On 20 March 2017, the French Minister for Defense, Mr. Jean-Yves Le Drian, authorized the start of development of the new RAFALE F4 standard.
Saint-Cloud, 22 March 2017 – On 20 March 2017, the French Minister for Defense, Mr. Jean-Yves Le Drian, authorized the start of development of the new RAFALE F4 standard.
Dassault Aviation and the 500 French companies associated with the RAFALE program wish to thank the French Ministry of Defense, the Defense procurement agency (DGA), the French Air Force and the Navy for their confidence.
The policy underpinning the RAFALE program is continuous development to adapt the aircraft to changing needs, through a succession of standards. As early as 2023, a first version of the F4 standard will follow the F3-R standard, scheduled for qualification in 2018.
“I am delighted by the Minister for Defense’s decision. The F4 standard will incorporate operational experience feedback and enable continuous improvement of the RAFALE to be maintained. It will reinforce the national skills and technological capabilities essential for preparing the development of the next generation of combat aircraft”, stated Eric Trappier, Chairman and CEO of Dassault Aviation. “I am also delighted that the Defense Ministry underlines the need to continue with acquisition of the RAFALE, beyond the 4th tranche currently in production, in order primarily to meet the needs of the French Air Force. Finally, this robust national foundation will constitute a launch pad for our aircraft in future export markets.”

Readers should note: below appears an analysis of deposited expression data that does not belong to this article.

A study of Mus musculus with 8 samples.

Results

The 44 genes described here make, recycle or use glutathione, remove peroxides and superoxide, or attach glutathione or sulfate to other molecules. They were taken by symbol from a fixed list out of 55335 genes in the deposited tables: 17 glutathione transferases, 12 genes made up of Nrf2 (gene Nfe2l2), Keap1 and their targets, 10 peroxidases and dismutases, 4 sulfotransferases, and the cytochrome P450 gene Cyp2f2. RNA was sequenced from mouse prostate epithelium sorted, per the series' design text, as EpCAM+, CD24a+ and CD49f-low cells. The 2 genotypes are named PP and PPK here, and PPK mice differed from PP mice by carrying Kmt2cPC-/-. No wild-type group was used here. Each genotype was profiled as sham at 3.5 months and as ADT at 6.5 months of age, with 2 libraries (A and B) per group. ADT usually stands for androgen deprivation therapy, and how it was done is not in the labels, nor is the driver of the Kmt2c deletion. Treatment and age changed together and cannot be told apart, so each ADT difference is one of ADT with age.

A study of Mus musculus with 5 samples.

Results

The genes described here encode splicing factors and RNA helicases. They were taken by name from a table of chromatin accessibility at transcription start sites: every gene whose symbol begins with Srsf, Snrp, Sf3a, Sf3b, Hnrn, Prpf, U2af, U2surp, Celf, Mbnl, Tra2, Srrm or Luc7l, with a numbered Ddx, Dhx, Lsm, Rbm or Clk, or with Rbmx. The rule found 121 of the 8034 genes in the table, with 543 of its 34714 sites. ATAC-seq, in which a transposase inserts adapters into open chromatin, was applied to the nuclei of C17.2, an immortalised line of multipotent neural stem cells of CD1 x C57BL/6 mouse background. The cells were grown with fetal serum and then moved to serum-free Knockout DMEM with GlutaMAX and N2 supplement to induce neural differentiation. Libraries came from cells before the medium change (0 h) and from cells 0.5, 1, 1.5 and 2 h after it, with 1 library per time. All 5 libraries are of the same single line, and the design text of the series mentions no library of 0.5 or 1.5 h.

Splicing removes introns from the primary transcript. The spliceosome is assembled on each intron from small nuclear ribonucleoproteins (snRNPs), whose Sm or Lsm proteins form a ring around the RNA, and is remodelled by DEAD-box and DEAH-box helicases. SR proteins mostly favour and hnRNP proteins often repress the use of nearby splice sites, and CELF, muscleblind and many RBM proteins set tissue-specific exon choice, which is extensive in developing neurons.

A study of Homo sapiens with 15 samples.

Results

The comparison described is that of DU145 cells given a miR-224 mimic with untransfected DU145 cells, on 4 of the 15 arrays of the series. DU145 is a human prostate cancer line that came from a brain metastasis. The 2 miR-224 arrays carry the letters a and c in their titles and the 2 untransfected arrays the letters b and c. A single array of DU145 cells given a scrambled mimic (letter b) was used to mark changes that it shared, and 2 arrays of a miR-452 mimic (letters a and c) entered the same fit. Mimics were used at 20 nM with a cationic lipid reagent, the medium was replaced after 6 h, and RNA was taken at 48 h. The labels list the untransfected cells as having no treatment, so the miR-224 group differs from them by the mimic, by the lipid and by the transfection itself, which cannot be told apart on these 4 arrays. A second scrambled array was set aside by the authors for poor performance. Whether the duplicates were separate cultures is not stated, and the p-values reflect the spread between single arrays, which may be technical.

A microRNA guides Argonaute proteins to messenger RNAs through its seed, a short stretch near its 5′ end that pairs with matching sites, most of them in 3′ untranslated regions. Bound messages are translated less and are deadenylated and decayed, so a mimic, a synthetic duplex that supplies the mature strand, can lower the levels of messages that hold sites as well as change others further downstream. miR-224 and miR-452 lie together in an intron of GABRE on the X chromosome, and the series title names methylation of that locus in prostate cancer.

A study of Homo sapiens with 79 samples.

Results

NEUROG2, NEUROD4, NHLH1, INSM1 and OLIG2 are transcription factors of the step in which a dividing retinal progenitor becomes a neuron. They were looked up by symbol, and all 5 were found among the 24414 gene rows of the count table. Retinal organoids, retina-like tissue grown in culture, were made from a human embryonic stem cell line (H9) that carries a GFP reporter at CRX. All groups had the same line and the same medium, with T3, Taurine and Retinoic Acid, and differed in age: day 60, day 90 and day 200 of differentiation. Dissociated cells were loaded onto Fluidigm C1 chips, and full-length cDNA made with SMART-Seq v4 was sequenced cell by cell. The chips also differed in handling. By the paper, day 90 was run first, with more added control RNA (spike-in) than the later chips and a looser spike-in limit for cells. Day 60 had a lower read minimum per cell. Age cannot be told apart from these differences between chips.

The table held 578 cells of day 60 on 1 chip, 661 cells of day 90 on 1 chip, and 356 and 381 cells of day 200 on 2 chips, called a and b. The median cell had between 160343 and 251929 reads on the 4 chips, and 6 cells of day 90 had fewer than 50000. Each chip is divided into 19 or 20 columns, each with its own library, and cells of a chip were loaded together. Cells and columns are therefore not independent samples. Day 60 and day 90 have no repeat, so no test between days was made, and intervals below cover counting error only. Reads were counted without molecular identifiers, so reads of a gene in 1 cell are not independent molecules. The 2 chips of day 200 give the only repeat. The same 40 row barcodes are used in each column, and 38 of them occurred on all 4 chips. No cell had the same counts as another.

The Rafale is a twin-jet fighter aircraft able to operate from both an aircraft carrier and a shore base. The fully versatile Rafale is able to carry out all combat aviation missions: air superiority and air defense, close air support, in-depth strikes, reconnaissance, anti-ship strikes and nuclear deterrence. The Rafale entered service with the French Navy in 2004 and with the French Air Force in 2006. With more than 30,000 flight hours in operations, it has proven its worth in combat in Afghanistan, Libya, Mali, Iraq and Syria. The Rafale was ordered by Egypt, Qatar and India.
With more than 10,000 military and civil aircraft delivered to more than 90 countries over the past century, Dassault Aviation can offer recognized know-how and experience in the design, development, sale and support of all types of aircraft, from the Rafale fighter to the Falcon range of high-end business jets, as well as military unmanned air systems. In 2016, Dassault Aviation reported revenues of €3.6 billion. The company has almost 12,000 employees.